Yen gains in Asia on Japan finance minister comments
AFPTOKYO--The yen rose in Asia on Tuesday after Japan's finance minister moved to reassure the central bank's independence, while also saying there were no plans to buy foreign bonds to drive up inflation.
February 20, 2013, 12:02 am TWN
The dollar slipped to 93.67 yen in Tokyo afternoon trade from 93.95 yen in London on Monday, while the euro was weaker at 125.02 yen and US$1.3348 against 125.43 yen and US$1.3353. U.S. markets were closed Monday for a national holiday.
Finance chief Taro Aso told a press briefing Tuesday morning that Tokyo had “no intention” of asking the Bank of Japan to buy foreign bonds as part of its monetary easing policy.
Such purchases could push the yen down, as the bank sells the currency to buy foreign bonds, and draw more anger from some critics, particularly in Europe, who have accused Tokyo of manipulating the yen's recent steep decline.
Japanese officials have repeatedly fended off the criticism, which has seen Tokyo accused of risking setting off a global currency war in which rival nations drive down their currencies to gain a trade advantage.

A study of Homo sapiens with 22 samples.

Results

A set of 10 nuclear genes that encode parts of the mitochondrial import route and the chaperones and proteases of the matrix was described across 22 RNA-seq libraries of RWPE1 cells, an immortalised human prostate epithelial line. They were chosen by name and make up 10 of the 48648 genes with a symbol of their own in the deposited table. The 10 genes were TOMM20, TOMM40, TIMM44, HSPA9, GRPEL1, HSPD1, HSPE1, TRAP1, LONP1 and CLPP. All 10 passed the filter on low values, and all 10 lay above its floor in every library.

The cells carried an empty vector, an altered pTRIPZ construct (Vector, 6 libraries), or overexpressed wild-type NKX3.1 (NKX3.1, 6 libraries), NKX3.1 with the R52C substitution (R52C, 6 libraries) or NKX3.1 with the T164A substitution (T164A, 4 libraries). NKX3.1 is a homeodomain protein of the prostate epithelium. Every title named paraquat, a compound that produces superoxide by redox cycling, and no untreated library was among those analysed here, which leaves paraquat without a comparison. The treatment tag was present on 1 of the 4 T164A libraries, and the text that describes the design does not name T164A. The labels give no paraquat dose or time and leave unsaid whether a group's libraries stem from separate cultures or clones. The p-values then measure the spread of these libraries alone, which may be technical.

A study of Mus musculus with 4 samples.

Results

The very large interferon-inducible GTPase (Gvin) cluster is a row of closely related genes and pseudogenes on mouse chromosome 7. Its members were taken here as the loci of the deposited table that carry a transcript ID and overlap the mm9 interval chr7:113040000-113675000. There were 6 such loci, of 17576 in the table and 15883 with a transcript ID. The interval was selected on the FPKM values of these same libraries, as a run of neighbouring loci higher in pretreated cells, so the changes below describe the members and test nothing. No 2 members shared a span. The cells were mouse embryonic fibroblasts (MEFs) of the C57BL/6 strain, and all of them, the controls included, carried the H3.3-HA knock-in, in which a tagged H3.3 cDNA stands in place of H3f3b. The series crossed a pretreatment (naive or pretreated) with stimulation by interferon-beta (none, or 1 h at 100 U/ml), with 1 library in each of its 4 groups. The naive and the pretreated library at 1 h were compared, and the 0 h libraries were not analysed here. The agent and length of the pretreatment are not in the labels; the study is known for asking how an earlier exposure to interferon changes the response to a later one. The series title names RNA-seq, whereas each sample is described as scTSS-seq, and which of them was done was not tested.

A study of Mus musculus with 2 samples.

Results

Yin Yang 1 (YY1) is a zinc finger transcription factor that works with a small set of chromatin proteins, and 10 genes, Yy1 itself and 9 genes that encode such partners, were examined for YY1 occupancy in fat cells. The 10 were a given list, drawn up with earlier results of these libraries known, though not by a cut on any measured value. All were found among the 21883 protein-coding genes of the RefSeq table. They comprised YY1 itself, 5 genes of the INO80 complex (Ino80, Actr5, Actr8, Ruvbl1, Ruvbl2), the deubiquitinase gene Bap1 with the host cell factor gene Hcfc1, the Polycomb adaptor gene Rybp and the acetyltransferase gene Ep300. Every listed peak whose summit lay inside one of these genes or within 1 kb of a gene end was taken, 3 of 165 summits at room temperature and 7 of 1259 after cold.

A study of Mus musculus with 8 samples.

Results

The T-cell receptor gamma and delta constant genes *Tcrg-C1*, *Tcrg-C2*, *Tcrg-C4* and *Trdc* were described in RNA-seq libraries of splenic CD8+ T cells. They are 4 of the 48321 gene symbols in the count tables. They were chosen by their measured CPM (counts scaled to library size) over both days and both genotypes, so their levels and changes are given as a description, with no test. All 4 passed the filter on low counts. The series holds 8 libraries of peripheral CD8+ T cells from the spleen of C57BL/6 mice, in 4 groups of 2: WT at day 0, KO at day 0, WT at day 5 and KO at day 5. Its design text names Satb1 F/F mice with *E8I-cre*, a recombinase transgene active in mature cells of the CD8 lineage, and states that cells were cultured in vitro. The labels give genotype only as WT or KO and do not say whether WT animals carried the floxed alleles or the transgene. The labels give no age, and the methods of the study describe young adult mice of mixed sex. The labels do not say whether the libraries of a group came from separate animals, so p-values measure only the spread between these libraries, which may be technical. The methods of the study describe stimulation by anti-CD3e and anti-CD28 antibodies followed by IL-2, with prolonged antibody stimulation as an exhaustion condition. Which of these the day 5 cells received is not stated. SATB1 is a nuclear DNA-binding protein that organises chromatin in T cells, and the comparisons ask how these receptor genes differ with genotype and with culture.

Aso's comments — which came a day after Prime Minister Shinzo Abe mentioned such a move — were “the sensible thing to say considering international norms,” said Daisuke Karakama, vice president of forex sales at Mizuho Corporate Bank.
Regarding the independence of the central bank Aso Tuesday said the new government was “not thinking about a law change at the moment.”
Abe had warned Monday he would “consider revising the BOJ law” if it could not deliver on its two percent inflation target outlined last month under political pressure.
The premier, who swept to power in landslide December elections, signaled he may rein in the Bank of Japan's independence if it fails to fall into line with his government's demands to boost the economy.
The dollar was mixed against other Asia-Pacific currencies, falling to 40.62 Philippine pesos from 40.65 pesos Monday, and to 54.20 Indian rupees from 54.33 rupees.